Doctor Who's Wild New Plot Hole Could Be Solved by a Time Loop
With two Doctors co-existing, how exactly does the linear flow of time work?
“The Giggle,” the third and final Doctor Who 60th anniversary special, was more than just a laugh. After two adventures with David Tennant back as the 14th Doctor, a bout with the Toymaker and a nasty U.N.I.T. laser forced him to regenerate again. But just like last time, this wasn’t a normal regeneration: the 15th Doctor, played by Ncuti Gatwa, split from the 14th Doctor like a cell undergoing mitosis.
While this was an exciting development for those hoping for a Tennant-led spinoff, it caused a lot of questions about just how the timeline works, and most importantly, what happens to the 14th Doctor when he inevitably dies. But one line from the episode may reveal a theory that could solve everything.
After the 14th and 15th Doctors come to terms with the “bi-generation,” which was previously thought to just be a myth, the two figure out the logistics of how their co-existence will work. While 14 is giving him a tour of the Tardis, 15 reveals why he thinks the bi-generation happened: because the Doctor has never stopped to rest.
All the Doctors just kept running never stopping to feel their feelings or cope with the massive losses they’ve encountered over the years. “But you're fine,” 15 says. “I'm fine because you fixed yourself.”
This seems to mean that 15, as he exists now, has all the memories that 14 is going to make with Donna and her family, and is benefitting from his previous self-care. If that’s true, that means that when 14 dies, he will simply cease to be — his regeneration into 15 is simply an advance on what would have happened later.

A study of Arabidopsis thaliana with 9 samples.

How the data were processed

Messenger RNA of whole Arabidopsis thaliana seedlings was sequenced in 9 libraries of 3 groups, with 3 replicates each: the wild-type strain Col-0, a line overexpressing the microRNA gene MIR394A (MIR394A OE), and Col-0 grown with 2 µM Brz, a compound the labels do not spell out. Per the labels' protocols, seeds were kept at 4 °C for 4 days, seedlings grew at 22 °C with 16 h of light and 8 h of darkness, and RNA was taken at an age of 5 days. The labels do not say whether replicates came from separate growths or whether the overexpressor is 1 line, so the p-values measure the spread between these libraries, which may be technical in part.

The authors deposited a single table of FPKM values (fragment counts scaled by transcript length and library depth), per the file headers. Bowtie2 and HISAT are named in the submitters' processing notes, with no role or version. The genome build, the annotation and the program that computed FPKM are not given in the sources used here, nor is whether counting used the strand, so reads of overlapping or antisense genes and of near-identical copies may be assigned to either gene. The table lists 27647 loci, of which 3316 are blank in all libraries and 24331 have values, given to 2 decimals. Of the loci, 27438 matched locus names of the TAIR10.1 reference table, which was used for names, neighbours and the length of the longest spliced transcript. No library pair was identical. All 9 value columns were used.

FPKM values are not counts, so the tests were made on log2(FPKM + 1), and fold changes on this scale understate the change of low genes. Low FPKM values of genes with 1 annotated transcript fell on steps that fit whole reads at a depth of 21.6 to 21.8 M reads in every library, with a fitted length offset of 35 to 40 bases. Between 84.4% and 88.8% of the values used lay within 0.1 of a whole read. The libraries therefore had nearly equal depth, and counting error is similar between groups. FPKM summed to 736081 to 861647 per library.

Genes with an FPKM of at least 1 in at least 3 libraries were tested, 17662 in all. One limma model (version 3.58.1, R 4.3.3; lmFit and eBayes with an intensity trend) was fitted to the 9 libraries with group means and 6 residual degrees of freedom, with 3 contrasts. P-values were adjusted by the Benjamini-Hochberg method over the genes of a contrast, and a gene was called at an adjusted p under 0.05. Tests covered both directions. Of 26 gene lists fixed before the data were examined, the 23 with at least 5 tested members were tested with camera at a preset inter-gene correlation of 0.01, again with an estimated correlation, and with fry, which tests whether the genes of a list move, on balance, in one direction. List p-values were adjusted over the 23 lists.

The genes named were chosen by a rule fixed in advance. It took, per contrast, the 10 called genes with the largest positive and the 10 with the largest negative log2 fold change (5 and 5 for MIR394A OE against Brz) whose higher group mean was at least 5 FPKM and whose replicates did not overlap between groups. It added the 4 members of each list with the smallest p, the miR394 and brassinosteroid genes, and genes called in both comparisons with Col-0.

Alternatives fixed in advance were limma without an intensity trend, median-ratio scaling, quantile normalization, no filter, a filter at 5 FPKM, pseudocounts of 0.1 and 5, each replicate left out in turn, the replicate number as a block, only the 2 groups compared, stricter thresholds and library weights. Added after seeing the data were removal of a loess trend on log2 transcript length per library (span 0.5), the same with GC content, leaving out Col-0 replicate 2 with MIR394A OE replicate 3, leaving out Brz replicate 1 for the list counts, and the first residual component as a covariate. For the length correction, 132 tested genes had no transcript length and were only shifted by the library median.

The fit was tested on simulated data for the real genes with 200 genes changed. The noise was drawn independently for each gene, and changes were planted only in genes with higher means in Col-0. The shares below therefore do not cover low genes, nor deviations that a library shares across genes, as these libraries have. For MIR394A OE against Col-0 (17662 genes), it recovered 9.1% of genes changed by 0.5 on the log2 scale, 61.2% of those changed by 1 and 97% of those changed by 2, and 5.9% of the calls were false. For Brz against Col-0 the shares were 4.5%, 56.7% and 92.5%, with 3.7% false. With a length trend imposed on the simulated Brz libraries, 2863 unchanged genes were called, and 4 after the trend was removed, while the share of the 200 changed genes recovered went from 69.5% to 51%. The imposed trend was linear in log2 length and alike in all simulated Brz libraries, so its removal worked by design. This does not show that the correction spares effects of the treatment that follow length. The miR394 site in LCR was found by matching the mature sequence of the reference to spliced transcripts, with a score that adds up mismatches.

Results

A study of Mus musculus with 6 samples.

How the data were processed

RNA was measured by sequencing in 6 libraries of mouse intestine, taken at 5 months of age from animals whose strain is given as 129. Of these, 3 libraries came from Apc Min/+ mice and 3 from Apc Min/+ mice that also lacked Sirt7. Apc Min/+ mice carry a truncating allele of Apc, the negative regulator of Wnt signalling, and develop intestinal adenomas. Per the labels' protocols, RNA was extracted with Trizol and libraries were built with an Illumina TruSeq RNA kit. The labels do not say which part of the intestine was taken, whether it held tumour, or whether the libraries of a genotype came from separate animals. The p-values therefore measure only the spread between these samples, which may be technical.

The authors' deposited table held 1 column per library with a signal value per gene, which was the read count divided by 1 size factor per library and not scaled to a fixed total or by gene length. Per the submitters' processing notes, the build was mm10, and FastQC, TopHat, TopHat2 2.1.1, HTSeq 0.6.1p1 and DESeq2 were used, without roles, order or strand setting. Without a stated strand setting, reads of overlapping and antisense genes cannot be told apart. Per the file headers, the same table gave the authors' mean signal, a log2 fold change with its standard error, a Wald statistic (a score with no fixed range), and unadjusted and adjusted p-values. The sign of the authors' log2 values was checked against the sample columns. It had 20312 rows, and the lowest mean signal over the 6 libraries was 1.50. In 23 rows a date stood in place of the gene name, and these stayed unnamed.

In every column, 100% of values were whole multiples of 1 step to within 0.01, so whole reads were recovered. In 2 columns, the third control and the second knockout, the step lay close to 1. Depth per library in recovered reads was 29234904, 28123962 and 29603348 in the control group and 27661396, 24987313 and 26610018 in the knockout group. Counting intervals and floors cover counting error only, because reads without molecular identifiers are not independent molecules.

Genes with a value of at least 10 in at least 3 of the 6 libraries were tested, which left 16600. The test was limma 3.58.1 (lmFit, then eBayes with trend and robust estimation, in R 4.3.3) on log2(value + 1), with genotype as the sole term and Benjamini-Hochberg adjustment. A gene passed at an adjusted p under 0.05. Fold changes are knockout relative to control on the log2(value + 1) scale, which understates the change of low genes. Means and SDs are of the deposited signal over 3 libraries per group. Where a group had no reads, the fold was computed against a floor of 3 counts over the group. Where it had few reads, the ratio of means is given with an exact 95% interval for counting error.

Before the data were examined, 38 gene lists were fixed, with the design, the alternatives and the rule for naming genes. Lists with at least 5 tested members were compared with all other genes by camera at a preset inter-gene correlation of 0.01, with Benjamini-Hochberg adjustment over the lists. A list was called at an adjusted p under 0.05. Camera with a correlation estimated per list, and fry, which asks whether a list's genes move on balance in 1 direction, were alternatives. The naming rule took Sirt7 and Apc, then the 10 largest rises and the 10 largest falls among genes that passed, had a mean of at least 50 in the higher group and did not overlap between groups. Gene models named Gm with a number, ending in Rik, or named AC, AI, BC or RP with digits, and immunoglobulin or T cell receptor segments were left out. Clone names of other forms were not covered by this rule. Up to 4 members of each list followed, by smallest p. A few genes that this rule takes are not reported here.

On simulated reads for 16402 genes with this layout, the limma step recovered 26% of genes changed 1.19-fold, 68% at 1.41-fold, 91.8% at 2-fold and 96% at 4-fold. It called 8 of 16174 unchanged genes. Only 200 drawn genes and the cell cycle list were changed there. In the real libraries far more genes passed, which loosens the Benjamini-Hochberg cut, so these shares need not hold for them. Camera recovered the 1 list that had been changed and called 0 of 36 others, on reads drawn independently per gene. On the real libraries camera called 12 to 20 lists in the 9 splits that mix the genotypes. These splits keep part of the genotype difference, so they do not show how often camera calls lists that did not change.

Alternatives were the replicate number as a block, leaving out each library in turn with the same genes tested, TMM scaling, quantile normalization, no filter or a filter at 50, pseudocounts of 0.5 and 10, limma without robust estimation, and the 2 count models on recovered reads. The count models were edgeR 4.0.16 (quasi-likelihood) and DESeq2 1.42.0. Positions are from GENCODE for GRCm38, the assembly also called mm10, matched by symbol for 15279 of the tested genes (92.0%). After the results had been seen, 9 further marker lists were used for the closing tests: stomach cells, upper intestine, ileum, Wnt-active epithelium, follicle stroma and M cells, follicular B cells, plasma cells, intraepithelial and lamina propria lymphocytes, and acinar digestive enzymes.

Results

There’s even more evidence for this theory if you know where to look. Donna tells 15, “He's younger because you came after him. So you're the older Doctor.” If the two truly were “born” at the same time, that would make them the same age. But if 15 has the lived experience of 14, then he’d be a good deal older.
Like every good Doctor Who plot twist, there’s timey wimey stuff involved — in this case, a good old-fashioned bootstrap paradox. 15 tells 14 he needs to take a break and get better because that’s what he was told, so there’s a time loop going on. Much like the DVD extra in Blink, that statement has no origin: it exists in a loop, folding in on itself.
It may have completely torn up the Doctor Who playbook, but this theory could actually restore some order. We won’t see two branches of Doctor regenerating on their own divergent paths from here on out. Instead, the 14th Doctor is just sticking around a little while longer and enjoying a well-deserved (semi)retirement.